Yonder: The Cloud Catcher Chronicles was one of real highlights of last year. It’s a quiet, relaxing, peaceful adventure through a world more interested in community and sustainability than violence and conquest. It’s an open-world game where that structure underscores the ideas that the narrative sets out to explore, rather than being at odds with them, as is the case in so many other open-world games. In so many ways, it was a breath of fresh air.
Now, Yonder finds a new home on Switch, and it’s a match made in heaven. For one, it’s a perfect game for a handheld console: the simple, compelling game loop makes it easy to play in short bursts or four lengthy sessions, and the relaxing tone is a natural fit for playing while cozied up in bed, or on the couch, or inside a blanket fort. It also includes the numerous quality-of-life improvements that have been made since the game first launched—bigger inventory! Fast travel!—and a brand new photo mode.
On a deeper level, Yonder is a perfect game for a Nintendo console because they both seem to be driven by a similar philosophy: one of innovation, of playful energy, of community, of peace, of sustainability. If I didn’t know better (and if I hadn’t played it on PS4 last year) I’d have readily believed that Yonder was a first-party Nintendo game.
Yonder begins with you washing up in Gemea: a peaceful island with a handful of tight-knit communities spread across it, but one slowly being torn apart by a dark energy dubbed “Murk”. As the rare sort of person who’s able to communicate with magical sprites, it’s up to you to gather enough of a sprite following to cleanse Gemea of Murk once and for all.
This plays out in a similar structure to most other open-world games: you travel across the map, picking up quests and helping people out, delivering items back and forth, and gradually venturing further afield. But rather than being a way to pad out an otherwise linear story—as you often see with open-world games—these “fetch quests” are a cornerstone of the story the game tells and the mood it sets out to create.
Exploration and discovery aren’t optional objectives; they’re the primary bass by which the story of Yonder develops. The numerous sidequests aren’t there to load you up with Things To Do; they’re about involving you in the communal, collaborative aspect that drives Gemea’s culture.
To that end, cooperation between the different villages is a major theme within the quests you’re asked to undertake. Each of the various towns has its own trade specialties—Wimblewick is a carpentry town, for instance, while Mocha Bay prides itself on food production. Most of the tasks people ask of you involve facilitating trade between the different communities in some way or another, like helping source materials they rely on, or assisting in the development of new goods.
To further emphasise the point, there’s no money in Yonder; instead, the economy runs on a barter system. Each item has a base value, and if you want to “buy” anything from merchants, you have to give them items off equivalent value. The value of particular items also changes from town to town depending on availability—for instance, in the fishing village Riverdrift Mill, fish are worth a lot less than normal, but high-demand seeds and herbs are worth a lot more.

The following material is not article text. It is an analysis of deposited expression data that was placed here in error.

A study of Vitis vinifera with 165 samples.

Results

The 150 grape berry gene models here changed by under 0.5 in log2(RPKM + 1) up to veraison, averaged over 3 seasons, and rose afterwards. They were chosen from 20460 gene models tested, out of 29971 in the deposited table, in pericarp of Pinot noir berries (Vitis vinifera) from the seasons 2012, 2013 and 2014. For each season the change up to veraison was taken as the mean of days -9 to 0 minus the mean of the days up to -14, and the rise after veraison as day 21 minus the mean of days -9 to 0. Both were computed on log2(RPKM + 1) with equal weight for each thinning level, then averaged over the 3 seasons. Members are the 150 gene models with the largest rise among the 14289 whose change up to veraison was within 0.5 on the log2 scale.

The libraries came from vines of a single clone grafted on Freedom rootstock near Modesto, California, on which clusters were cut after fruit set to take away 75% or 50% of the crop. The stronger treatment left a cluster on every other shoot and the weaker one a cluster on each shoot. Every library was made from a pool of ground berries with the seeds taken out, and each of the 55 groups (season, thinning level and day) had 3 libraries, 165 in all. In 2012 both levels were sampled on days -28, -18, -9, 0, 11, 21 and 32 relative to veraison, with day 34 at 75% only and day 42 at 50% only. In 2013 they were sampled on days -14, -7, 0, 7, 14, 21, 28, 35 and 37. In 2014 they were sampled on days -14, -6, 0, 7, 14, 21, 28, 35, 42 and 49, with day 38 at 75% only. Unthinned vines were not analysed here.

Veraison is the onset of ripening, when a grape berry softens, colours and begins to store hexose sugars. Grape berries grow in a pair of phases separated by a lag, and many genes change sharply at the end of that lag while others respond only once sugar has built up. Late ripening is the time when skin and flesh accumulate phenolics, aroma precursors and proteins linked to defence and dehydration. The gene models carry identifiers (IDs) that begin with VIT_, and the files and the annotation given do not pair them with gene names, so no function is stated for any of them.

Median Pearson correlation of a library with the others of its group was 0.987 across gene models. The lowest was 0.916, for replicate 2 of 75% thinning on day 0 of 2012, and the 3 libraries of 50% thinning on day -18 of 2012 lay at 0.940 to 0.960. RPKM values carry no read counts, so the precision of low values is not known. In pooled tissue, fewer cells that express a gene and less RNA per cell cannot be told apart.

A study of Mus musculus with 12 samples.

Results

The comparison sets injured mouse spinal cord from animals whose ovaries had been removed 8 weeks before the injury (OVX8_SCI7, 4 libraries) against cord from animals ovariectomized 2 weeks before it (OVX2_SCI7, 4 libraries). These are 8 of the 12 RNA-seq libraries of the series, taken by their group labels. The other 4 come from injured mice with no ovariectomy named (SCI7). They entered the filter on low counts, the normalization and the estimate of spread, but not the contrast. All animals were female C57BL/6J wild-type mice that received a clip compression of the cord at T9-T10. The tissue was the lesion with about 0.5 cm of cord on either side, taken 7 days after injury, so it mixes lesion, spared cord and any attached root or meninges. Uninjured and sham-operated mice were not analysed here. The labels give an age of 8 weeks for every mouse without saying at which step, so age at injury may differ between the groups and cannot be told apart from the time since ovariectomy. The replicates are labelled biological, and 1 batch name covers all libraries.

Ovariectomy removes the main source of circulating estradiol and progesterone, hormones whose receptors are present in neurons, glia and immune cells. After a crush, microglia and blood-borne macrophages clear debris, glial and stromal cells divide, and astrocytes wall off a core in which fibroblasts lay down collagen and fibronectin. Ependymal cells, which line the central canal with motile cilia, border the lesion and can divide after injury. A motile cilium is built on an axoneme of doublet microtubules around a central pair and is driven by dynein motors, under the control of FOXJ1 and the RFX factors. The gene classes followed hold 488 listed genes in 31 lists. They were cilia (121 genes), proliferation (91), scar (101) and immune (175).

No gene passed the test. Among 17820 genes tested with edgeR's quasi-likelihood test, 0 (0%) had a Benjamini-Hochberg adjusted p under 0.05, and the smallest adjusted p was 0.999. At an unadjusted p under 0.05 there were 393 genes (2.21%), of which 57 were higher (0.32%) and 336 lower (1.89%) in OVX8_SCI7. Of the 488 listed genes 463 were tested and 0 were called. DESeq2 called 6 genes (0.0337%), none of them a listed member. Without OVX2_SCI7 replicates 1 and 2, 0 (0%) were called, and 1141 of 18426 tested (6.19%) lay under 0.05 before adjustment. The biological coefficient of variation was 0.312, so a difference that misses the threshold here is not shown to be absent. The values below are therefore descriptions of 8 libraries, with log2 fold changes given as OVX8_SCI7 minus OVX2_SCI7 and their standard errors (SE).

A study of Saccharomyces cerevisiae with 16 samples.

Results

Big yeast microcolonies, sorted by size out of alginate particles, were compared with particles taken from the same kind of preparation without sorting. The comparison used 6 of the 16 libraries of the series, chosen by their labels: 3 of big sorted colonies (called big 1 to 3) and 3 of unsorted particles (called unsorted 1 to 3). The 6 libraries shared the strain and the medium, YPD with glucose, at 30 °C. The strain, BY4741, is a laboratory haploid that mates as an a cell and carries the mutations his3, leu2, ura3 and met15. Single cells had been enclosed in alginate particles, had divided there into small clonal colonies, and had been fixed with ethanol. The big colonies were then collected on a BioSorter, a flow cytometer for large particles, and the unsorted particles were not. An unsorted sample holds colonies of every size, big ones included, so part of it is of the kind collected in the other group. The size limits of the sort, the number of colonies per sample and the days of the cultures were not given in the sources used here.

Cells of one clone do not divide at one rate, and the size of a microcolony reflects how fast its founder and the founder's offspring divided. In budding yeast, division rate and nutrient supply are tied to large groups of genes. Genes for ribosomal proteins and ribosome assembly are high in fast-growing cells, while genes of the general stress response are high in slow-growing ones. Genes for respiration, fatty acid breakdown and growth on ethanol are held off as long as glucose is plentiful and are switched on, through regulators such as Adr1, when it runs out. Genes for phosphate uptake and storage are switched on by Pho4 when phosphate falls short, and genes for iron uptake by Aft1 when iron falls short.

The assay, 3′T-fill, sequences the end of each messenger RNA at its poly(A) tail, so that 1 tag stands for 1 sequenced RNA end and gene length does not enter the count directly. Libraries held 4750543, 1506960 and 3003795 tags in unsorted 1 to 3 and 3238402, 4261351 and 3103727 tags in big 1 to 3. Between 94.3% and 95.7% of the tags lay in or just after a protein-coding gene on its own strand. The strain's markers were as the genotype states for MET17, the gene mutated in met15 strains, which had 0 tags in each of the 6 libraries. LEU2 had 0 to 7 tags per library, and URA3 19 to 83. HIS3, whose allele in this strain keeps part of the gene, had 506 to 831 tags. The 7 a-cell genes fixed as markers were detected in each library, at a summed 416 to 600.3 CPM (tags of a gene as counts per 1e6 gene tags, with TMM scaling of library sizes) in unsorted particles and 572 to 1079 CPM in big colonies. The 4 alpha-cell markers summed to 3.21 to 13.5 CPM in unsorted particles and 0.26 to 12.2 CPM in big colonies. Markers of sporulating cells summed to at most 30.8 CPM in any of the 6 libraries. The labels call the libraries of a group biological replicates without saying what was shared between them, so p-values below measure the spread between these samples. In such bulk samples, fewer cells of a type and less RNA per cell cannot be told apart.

That naturally creates an environment of productive trade. Being economically efficient in Yonder isn’t about hoarding cash or grinding for loot; it’s about giving what you have plenty of in exchange for what you don’t. As a traveller, you get to be a conduit between all the different towns and all the goods they produce.
Much of your time will also be spent crafting items yourself, with a growing selection of recipes as you learn from the masters of various crafting guilds. You can also build farms across Gemea, and use these to grow produce and raise animals. Yonder‘s crafting and farming systems stick closely to convention, but they feed into the bigger picture that the game creates.
That picture is one of community, where everyone works together, supports one another, and is able to thrive as a result.
The Murk is a threat to all that. This isn’t some horde of monsters that needs to be violently—cartoon violence or otherwise—fought back; rather, its an encroaching fog that slowly corrupts the environment and blocks off sections of the map. Clearing each patch of Murk is simply a case of gathering the required number of Sprites, but the environmental metaphor is clear: pollution is a scourge that can only be addressed through collaboration.
This is what I mean when I say that Yonder challenges the norms of open-world games. It uses a lot of familiar systems to create a simple, approachable play loop, but all these different aspects of the game work in tandem to sell the ideas at its heart. This isn’t a game with a sharp divide between “story” and “gameplay”; they’re be and the same.
When I reviewed it last year, I said that Yonder: The Cloud Catcher Chronicles was “a familiar but evergreen tale of environmentalism and community”, wrapped in a charming open world that you can explore at your leisure. That’s every bit as true in the Switch version, but now you can take beautiful Gemea with you on your commutes and cuddle a grass fox while you’re cozied up in bed. What more could you want?
Yonder: The Cloud Catcher Chronicles is developed and published by Prideful Sloth. It’s available now for Nintendo Switch (reviewed), PlayStation 4, and PC.
A copy of the game was supplied by the publisher for this review.